In May 2004, the New York Times reported that financial analyst Jayson Littman (shown below, left) had begun offering free hugs in New York City’s Washington Square Park for three hours every Sunday for a month. Though Littman was advertising with a hand-lettered sign and a tee-shirt, the reporter noted the number of rejections that he received. The following month, on June 20th, 2004, an Australian man known by the pseudonym Juan Mann (shown below, right) began his Free Hugs campaign in Sydney’s Pitt Street Mall. It is unclear if he knew about Littman’s campaign. After 15 minutes of standing in the mall with a cardboard sign, he received his first hug from an elderly woman. He continued to return to the mall every Thursday, gradually gaining supporters and expanding his hugs throughout the city, until officials banned him due to the lack of public liability insurance worth $25 million dollars. After getting 10,000 people to sign a petition in his favor, he was allowed to continue offering hugs throughout Sydney.
Sick Puppies Video
In September 2004, Mann met Shimon Moore of the Australian rock band, Sick Puppies. He filmed some of Mann’s hugging excursions, but did not do anything with the footage until 2006 after the band had moved to Los Angeles. When Moore learned that Mann’s grandmother had passed away, he wanted to do something to ease his friend’s pain. He made the short film for Mann overnight and mailed him a hard copy. On September 22nd, 2006, at the request of his bandmates, Moore uploaded the video to YouTube where it gained 250,000 views in two days. As of April 2013, it has amassed more than 74 million views.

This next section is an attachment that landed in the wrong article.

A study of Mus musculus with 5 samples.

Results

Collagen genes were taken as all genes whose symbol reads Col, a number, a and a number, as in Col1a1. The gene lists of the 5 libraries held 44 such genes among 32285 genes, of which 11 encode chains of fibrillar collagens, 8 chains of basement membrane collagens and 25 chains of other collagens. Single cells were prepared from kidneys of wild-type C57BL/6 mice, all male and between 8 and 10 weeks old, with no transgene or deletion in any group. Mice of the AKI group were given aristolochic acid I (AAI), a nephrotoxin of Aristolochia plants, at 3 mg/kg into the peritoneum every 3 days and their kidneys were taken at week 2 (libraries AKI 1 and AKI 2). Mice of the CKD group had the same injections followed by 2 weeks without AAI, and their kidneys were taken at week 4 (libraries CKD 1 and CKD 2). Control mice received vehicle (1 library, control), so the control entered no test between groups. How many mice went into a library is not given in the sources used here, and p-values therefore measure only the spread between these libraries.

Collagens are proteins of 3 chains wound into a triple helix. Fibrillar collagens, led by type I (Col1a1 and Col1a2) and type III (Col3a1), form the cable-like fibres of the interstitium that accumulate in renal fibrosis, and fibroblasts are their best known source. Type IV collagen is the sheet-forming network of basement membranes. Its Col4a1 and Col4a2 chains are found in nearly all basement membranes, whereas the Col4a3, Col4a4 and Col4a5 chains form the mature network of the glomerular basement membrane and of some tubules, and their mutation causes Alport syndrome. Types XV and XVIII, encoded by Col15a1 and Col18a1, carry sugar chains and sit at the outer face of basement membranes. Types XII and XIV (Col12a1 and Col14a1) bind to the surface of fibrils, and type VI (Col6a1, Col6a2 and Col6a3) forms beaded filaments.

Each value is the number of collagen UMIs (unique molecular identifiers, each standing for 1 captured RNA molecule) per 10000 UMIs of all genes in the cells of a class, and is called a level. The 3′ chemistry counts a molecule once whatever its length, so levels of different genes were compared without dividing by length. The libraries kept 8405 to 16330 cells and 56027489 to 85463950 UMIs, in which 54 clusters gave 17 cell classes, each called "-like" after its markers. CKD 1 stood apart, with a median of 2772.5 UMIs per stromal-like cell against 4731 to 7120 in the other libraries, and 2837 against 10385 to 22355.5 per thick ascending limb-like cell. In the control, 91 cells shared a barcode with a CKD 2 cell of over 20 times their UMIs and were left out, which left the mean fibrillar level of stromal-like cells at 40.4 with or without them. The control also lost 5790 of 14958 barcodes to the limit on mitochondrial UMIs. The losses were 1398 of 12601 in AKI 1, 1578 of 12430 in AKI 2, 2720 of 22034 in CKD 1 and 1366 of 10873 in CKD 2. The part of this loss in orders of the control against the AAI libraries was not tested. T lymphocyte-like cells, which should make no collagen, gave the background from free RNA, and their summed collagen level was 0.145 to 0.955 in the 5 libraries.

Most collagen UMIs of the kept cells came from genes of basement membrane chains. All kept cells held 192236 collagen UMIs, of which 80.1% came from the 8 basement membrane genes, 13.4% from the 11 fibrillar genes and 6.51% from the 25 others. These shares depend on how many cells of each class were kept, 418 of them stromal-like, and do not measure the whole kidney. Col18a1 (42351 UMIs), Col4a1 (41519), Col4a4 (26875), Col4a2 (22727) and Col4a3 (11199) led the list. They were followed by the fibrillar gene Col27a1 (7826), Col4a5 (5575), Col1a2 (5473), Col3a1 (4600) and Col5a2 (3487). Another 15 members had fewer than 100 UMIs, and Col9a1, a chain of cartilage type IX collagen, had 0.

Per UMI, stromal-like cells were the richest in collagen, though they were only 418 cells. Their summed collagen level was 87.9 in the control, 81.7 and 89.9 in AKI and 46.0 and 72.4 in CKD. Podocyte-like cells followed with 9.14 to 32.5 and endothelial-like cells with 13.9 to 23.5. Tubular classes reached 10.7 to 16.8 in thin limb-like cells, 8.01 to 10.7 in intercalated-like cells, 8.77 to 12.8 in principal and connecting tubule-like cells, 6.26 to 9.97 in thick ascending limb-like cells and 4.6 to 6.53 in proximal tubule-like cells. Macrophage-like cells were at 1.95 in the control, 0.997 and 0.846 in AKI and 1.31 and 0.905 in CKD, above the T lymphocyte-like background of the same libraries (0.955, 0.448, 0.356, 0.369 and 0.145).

Sick Puppies reuploaded the video to their MySpace page on September 23rd, causing many of the social networking site’s users to discuss and repost the video themselves. On September 27th, 2006, the video was reposted to humor site I Am Bored, where it has gained an additional 63,000 views. On October 3rd, 2006, FreeHugsCampaign.org launched, offering a message board where people could organize their local campaigns. Following the site launch, the video as well as information about the campaign spread across a number of personal blogs including SOC and Chief Happiness Officer. One of the earliest videos depicting someone giving out free hugs in another country was uploaded to YouTube on October 17th, 2006 by Jinwoo Shin of Seoul, South Korea. As of April 2013, it has nearly 2.8 million views.
By the end of October, Mann had gained much notoriety online, leading to an appearance on Oprah to discuss his campaign. In November 2006. a group of people organized a free hugs campaign in Shangai, China. However, after 20 minutes, 11 participants and several journalists were detained by police after failing to obtain a permit to hold an event in a public place.
As of April 2013, there are more than 280,000 search results for “free hugs” on YouTube, including both parody videos and free hugs events in other countries.